The level of testing needed to bear out these design changes wouldn't have been possible without an integrated CAD and CAE platform, according to Wiersema. "By using the computer to do a lot of the door designs, we were able to filter out the ones that were bad, then take the right one and try it in reality to prove out the concept," he said.
It also enabled the group to explore more design concepts than they had traditionally done when subbing out simulation work to third parties, mostly because they were able to retain their intellectual capital. "When you're working in a single, integrated environment, there's so much knowledge of the tools and the materials behavior that you can actually make something more efficient and have insight into what exactly is happening," Wiersema said.
While integrated simulation isn't necessarily taking time out of Donkervoort's development timeline, it is significantly cutting back on the number of physical prototypes that need to be built, and it is encouraging the engineering team to go further in pushing designs, Wiersema said. "The more time you have, the more you want to develop, and there's no end to how far you can go with the detailed amount of information you can get out of these software analysis tools."
For a look at GM's Chevy Volt, go to the Drive for Innovation site and follow the cross-country journey of EE Life editorial director Brian Fuller. In the trip, sponsored by Avnet Express, Fuller is taking the fire-engine-red Volt to innovation hubs across America, interviewing engineers, entrepreneurs, innovators, and students as he blogs his way across the country.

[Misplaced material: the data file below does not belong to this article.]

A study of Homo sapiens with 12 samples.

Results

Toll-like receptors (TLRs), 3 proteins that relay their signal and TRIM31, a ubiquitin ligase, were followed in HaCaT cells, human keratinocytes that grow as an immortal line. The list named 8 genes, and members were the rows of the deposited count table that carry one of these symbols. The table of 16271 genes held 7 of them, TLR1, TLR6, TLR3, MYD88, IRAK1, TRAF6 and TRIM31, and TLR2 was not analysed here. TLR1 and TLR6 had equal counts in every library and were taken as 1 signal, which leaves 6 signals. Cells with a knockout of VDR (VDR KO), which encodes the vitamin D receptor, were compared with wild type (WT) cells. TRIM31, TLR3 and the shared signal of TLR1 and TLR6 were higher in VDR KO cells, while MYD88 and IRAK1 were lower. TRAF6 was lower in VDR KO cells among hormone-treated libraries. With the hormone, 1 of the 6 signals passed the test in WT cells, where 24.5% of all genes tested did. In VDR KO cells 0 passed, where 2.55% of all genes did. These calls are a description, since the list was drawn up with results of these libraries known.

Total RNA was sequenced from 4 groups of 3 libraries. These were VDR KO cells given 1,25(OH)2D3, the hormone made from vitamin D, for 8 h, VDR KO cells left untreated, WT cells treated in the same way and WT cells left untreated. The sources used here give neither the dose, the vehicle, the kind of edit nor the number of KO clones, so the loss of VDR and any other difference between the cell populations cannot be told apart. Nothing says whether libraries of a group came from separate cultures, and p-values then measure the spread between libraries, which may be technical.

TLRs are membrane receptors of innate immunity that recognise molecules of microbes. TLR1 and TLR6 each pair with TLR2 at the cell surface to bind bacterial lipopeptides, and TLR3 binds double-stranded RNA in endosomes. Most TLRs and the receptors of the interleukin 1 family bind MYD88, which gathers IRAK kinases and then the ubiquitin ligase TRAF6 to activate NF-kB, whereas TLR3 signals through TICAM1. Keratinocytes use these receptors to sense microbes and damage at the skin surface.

Good point, Rob. As CAD and CAE become more of an integrated process as opposed to siloed tools done by different groups within engineering, there are bound to be design efficiencies. The real benefit, here, though was upping the number of prototype designs explored without upping the number of physical prototypes having to be built. Time saver and money saver.
Interesting article, Beth. That's a nice way to increase possibilities in design -- to do it with computers instead of physical prototypes. While the process may not have saved design time in this case, I would imagine it would inevitably save time as this practice becomes part of the standard design process.
For industrial control applications, or even a simple assembly line, that machine can go almost 24/7 without a break. But what happens when the task is a little more complex? That’s where the “smart” machine would come in. The smart machine is one that has some simple (or complex in some cases) processing capability to be able to adapt to changing conditions. Such machines are suited for a host of applications, including automotive, aerospace, defense, medical, computers and electronics, telecommunications, consumer goods, and so on. This discussion will examine what’s possible with smart machines, and what tradeoffs need to be made to implement such a solution.